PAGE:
Mason Bates

Mason Bates performing at the 2012 Mercury Soul event. (May 9, 2013)

The players lift their bows with the customary this-is-the-end flourish, finishing a movement of a Shostakovich string quartet, and the audience claps. A few "Whoo!" yells escape from the back of the room. Some people whistle.

As the quartet launches into the next movement, a member of the audience stands up and says to his companion, "I'm going to get another beer. You want anything?"

Classical music, especially the subgenre of recently composed works usually called new music, has gotten out of the concert halls and band shells to hit bars, clubs and other venues where drinks are served during the performance and audience protocol doesn't demand docile silence.

A central example of this phenomenon is Mercury Soul, the half-classical, half-dance-music event taking place Friday, masterminded by Chicago Symphony Orchestra composer-in-residence Mason Bates.

"It's an entire experience," Bates said. "I shy away from the word 'concert.' It's more of a show or even a party."

If things go according to plan, Mercury Soul attendees will walk into the North Side rock venue Metro and see a dramatically lighted space. DJ sets will allow the crowd to dance and mingle, and live instrumentalists might be improvising with the DJ. Then, later in the evening, a small orchestra will play along with the techno, as program notes for the music are projected on the wall. Then the chamber orchestra will play a piece in its entirety, before providing musical accompaniment for a transition back to the DJ.

Bates wrote the intros and "outtros" for the orchestra, which consists of CSO players, and he will spin during the dance-music portions of the event as his alter ego, DJ Masonic. Collapsing his two worlds means getting some thumping into the classical listener's auditory diet, but also bringing some precision to the usually free-form techno world.

"It's more surgical (than just spinning records), like being on a SWAT team where you jump out of a van and spin 28 minutes of tech house and then you have to get out at the end point," Bates said.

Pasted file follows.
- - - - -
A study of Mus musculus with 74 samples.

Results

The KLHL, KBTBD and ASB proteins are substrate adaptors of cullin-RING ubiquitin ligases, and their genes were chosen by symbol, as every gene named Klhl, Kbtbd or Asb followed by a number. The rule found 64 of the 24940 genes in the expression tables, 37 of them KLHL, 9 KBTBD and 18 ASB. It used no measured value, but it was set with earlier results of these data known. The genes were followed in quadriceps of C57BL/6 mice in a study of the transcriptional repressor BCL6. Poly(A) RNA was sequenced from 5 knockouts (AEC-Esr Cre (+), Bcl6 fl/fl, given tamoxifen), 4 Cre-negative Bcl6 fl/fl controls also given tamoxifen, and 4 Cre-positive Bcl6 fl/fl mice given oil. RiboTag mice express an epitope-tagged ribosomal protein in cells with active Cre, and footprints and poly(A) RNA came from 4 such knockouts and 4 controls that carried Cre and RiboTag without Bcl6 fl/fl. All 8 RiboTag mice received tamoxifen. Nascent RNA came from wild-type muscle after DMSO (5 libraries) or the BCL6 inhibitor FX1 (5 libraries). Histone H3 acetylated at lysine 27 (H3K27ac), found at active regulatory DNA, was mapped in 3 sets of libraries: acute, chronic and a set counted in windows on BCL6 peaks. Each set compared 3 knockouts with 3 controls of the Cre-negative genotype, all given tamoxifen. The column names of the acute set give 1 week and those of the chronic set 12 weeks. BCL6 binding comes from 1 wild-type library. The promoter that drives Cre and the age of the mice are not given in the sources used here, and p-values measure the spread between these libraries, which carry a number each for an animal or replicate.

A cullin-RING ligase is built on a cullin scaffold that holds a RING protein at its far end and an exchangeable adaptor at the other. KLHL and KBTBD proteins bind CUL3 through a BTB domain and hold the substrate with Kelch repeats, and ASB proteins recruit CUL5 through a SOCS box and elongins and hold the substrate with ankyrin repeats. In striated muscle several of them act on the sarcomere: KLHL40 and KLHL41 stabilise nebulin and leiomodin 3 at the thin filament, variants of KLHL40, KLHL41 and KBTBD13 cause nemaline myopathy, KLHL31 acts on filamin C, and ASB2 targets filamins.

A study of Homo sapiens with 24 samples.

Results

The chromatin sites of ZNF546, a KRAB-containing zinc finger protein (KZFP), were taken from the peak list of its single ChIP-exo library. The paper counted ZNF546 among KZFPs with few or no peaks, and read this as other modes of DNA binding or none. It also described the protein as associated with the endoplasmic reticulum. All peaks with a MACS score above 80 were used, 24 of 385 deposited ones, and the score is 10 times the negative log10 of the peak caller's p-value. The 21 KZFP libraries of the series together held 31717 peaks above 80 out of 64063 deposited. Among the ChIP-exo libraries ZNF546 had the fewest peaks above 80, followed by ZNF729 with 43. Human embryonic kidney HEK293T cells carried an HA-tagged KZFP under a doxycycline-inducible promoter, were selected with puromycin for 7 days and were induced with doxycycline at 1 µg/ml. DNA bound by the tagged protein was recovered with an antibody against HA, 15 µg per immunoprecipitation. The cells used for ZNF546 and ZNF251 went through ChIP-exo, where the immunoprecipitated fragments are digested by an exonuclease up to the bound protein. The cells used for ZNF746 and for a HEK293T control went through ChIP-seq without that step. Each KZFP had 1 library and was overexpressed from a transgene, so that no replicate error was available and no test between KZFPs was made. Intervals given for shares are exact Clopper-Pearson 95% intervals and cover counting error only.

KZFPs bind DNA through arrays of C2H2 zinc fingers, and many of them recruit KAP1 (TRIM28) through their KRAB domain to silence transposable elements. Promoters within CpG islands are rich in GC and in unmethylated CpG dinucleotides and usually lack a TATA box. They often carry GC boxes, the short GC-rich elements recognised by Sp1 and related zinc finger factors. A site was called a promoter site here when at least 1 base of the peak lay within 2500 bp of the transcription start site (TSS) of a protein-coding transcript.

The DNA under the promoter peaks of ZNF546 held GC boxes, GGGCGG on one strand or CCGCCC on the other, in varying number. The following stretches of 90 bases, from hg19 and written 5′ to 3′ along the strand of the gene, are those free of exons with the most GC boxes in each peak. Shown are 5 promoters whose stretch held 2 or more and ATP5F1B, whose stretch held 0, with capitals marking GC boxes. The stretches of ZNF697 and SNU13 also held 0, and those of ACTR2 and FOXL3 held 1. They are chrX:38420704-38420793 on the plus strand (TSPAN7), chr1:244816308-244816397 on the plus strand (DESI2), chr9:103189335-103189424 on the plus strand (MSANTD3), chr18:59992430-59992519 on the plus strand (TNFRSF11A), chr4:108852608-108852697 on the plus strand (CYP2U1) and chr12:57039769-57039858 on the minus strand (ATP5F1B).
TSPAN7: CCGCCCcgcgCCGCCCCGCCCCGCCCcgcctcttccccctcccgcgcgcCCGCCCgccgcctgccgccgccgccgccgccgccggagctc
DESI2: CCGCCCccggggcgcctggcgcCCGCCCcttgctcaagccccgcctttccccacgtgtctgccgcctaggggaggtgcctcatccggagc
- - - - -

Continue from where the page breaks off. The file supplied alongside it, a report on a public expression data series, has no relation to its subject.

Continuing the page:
Even concerts that present only traditional classical music have gone bar-hopping, as with the (Un)familiar Music Series, presented at the West Side bar and adventurous music venue the Empty Bottle. Doyle Armbrust, also a violist with the string quartet Spektral Quartet, books the series, which has its fifth-season installment May 22 with Ensemble Dal Niente.

(Un)familiar grew out of a recurring project Spektral has played at the Bottle called Sampler Pack, in which the ensemble intersperses movements of classical-repertoire string quartets by composers such as Mozart, Haydn and Bartok with contemporary works. August 2012's Sampler Pack served as an inaugural for (Un)familiar.

"It was born out of something we were doing with Spektral, (wanting to) expand beyond the typical concert hall, which keeps some amount of distance in between the audience and the performers," Armbrust said.

The Bottle almost forces crowd interaction, architecturally. "That's something you get at the Bottle in the way you set up," Armbrust said. "The musicians are not up on stage — they're down on the floor."

To date, (Un)familiar has hosted the string quartets Chicago Q and Spektral, the wind quintet City of Tomorrow and a new-music hootenanny called (Re)New Amsterdam.

Dal Niente's May 22 concert features guitarist Jesse Langen and soprano Amanda DeBoer Bartlett in a program consisting entirely of world premieres consistent with the ensemble's often-astringent music choices.

"We tend to present programming that has difficult content, without apology," said Ryan Muncy, Dal Niente's executive director. "Here's what we found the last few years: Audiences really like that difficult content. They like to be challenged intellectually. Audiences don't like that decorum, that protocol that goes along with listening in a formal concert hall."

Classical musicians agree that what's keeping a subsection of music lovers away from their performances isn't the concerts — it's the concert hall.

"The perceived veneer of classical music is something that as reasonably young musicians, we are kind of appalled at," Armbrust said. "It's not a level of pretense that we are ever a part of."

Clapping anxiety and the social pressure of dress keep away people accustomed to wearing jeans to work and responding instinctively. If the conventions of the Lyric Opera and the CSO apply even at concerts with $15 tickets, then less-wealthy, more-casual listeners see all classical music as anniversary-night, special-occasion material.

"It's nice to dress up, go out to dinner and do something that has an air of sophistication to it," Armbrust said. "Those opportunities are there. But especially with new music, none of us feel that these are museum pieces that have to be listened to reverentially with hands clasped."

In contrast, patrons at bars or rock venues don't worry that their fellow audience members might judge them.